Special fair advisory meeting planned tonight

Poll shows postponed event better than no fair

The Okanogan County Fairgrounds serves as a fire camp for 1,300 fire personnel.

Photo by Brock Hires.
The Okanogan County Fairgrounds serves as a fire camp for 1,300 fire personnel.

OKANOGAN – The Okanogan County Fair Advisory Committee will meet tonight for a showdown over whether to move the Okanogan Complex fire camp, postpone or cancel the organization’s signature event.

Residents have voiced a number of opinions in advance of the decision, and even raised questions about monetary transactions related to fire camp.

With many people expected to turn out tonight, the meeting will take place at 6 p.m. on the front lawn of the fairgrounds office, 175 Rodeo Trail Road.

The advisory committee is advises Okanogan County commissioners, who would have to ratify the recommendation or come up with their own decision when they meet in special session at 11 a.m. tomorrow in the commissioners’ hearing room of the Grainger Administration Building, 123 N. Fifth Ave.

The advisory group, along with county officials, met Sunday and came to a conclusion: If fire camp moves, the date stays the same. If not, the fair will be postponed until Sept. 24-27.

County commissioners agreed late last week to allow a national Type 1 incident management team to rent the fairgrounds as a fire camp, for up to 4,500 fire personnel, for 14 days.

Fire camp is now home to about 1,300 people working on the Lime Belt, Nine Mile and Twisp River fires, known collectively as the Okanogan Complex.

The Chronicle contacted the commissioners’ office seeking unsuccessfully to obtain copies of the public contracts and public financial agreements related to housing the fire camp.

The office, however, referred the request to the fair office, where copies were supposedly on file for review. Fair employees, however, referred the request back to the commissioners’ office.


The Chronicle also contacted Okanogan County Emergency Manager Maurice Goodall seeking a copy of the contract.

“I don’t touch any of that” paperwork, Goodall said.

Goodall’s wife, Kim Goodall, works in the fair office and Maurice Goodall also is active with the fair.

According to a standardized contract provided by the commissioners’ office for a regional Type 2 fire management team, the county is paid $2,500 per day for use of the fairgrounds for the first seven days, then $1,200 per day thereafter. Those fees include the use of utilities, showers, garbage services, trash bins, telephone service, sewage, inmate sleeping, facilities for night shift sleeping and a “helispot.”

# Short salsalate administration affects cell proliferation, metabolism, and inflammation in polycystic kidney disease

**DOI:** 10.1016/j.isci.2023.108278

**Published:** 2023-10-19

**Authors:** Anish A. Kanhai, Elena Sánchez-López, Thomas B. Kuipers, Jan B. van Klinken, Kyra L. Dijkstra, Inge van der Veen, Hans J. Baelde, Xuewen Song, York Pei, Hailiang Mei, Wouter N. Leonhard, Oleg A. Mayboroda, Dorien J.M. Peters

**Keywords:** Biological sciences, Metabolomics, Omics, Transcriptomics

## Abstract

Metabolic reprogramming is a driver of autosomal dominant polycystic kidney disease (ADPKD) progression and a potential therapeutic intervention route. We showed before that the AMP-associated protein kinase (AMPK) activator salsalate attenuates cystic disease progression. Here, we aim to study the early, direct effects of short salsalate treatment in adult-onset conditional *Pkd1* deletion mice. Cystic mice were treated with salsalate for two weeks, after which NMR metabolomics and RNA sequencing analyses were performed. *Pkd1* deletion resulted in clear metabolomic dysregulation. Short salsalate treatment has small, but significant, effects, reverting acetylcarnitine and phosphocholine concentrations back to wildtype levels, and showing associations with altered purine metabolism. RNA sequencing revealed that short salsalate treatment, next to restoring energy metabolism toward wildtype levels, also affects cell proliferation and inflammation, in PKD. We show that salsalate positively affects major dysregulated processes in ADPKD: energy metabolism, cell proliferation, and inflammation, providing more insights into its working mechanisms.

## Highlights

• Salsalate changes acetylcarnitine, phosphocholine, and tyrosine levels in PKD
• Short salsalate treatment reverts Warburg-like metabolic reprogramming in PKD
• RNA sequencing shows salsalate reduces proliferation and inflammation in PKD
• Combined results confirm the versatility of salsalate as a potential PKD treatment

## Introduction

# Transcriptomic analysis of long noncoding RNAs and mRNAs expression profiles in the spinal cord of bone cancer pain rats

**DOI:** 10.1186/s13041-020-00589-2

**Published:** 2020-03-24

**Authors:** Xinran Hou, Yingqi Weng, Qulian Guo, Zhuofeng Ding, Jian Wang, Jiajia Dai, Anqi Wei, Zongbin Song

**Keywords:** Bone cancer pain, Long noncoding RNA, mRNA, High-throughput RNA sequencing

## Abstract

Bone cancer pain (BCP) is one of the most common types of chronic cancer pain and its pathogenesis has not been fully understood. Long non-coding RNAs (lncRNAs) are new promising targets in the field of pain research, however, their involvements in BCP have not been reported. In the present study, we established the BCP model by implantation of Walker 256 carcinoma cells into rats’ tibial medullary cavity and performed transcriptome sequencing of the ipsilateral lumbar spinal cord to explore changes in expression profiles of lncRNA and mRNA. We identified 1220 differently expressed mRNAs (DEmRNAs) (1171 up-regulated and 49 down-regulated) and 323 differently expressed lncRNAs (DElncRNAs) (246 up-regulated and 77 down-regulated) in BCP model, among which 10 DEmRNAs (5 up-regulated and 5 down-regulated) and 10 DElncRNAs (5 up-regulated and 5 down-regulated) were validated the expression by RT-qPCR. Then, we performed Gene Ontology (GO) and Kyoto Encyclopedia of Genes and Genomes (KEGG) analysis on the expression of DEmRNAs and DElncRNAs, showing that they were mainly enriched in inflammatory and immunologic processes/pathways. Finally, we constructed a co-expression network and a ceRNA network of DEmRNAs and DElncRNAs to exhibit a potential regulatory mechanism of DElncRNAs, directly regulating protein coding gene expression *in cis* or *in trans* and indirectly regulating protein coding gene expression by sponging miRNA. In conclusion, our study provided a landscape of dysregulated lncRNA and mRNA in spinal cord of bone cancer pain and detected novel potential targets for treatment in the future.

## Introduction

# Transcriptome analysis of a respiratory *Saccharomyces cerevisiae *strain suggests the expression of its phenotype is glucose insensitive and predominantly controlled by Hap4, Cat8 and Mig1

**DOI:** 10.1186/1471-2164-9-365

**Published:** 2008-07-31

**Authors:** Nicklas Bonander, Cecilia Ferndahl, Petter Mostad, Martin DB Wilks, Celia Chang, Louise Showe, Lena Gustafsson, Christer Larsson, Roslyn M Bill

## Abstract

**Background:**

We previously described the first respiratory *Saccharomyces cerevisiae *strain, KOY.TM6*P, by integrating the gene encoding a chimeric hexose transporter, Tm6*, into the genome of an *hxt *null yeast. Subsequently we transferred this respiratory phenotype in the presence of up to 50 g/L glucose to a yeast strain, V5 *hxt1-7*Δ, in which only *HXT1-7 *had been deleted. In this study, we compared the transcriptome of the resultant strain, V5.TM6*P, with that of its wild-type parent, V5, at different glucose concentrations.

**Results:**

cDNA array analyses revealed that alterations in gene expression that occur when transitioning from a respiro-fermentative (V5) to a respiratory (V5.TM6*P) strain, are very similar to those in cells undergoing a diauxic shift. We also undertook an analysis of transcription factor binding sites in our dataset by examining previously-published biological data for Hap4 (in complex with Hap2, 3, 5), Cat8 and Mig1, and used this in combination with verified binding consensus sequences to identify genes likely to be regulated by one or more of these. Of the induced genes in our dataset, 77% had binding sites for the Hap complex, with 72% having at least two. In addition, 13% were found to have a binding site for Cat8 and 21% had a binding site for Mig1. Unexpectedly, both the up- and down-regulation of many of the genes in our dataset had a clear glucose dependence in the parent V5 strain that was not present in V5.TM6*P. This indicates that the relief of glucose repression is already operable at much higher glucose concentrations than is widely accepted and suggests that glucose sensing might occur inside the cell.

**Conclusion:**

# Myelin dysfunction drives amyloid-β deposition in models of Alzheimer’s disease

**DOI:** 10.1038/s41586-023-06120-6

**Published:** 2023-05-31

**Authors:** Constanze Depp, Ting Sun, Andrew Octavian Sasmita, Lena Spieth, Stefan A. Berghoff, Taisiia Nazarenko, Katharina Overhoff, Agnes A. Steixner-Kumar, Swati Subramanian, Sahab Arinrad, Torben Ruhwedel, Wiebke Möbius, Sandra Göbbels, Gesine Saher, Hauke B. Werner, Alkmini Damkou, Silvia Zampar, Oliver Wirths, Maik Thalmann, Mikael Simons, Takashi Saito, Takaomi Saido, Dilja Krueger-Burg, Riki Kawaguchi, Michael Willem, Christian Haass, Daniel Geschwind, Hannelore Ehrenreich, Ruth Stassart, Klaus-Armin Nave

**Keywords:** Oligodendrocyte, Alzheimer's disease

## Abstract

For a state Type 3 team, the county receives $700 per day. The same benefits are applied for a type 3 team under a standardized contract.

The state authorized those standardized contracts in 2009.

Goodall previously claimed that if the county asks the Type I team to move, the county would lose the resources, which are battling blazes in the western part of the county and Chelan area.

“If they uproot their stakes, they’re out of here,” he said Sunday. “It may look like it’s nice here, but in a couple of days it may all change with the winds. They could downsize, but I just don’t see it happening.”

The standardized contracts for the Type 2 and 3 teams do not include any language relating to relocation.

Another Type 1 team is stationed at East Side Park in Omak and working to contain the Tunk Block and North Star fires burning in northeastern Okanogan County and the Colville Indian Reservation.

Omak City Administrator Ralph Malone said the park’s rental rate to fire camp is $500 per day, $2,500 a week or $7,500 per month.

The camp is there until further notice; fire officials will be billed once the camp packs up.

Malone said that while he does not know the type of agreement the camp has with the fairgrounds, he suspects it is substantially higher because “they also have buildings which we don’t offer.”

Should the fire camp move in time for the fair to go on, the county expects to bring in tens of thousands of dollars to offset fair expenses.

“The fair does draw in $75,000-80,000 (in gate prices) that goes into the county fair fund,” Okanogan County Treasurer Leah McCormack said.

“Then you have vendors and camping, not only at the fair. That draws in sales tax revenues as well,” she said, adding there is also a financial uptick from people shopping with local merchants, gas stations and “a multitude of entities.”

According to a Chronicle online poll, 169 people (about 39 percent) said public safety is more important than the fair. Meanwhile, 225 people (about 45 percent) said they would rather see the fair postponed as opposed to canceled.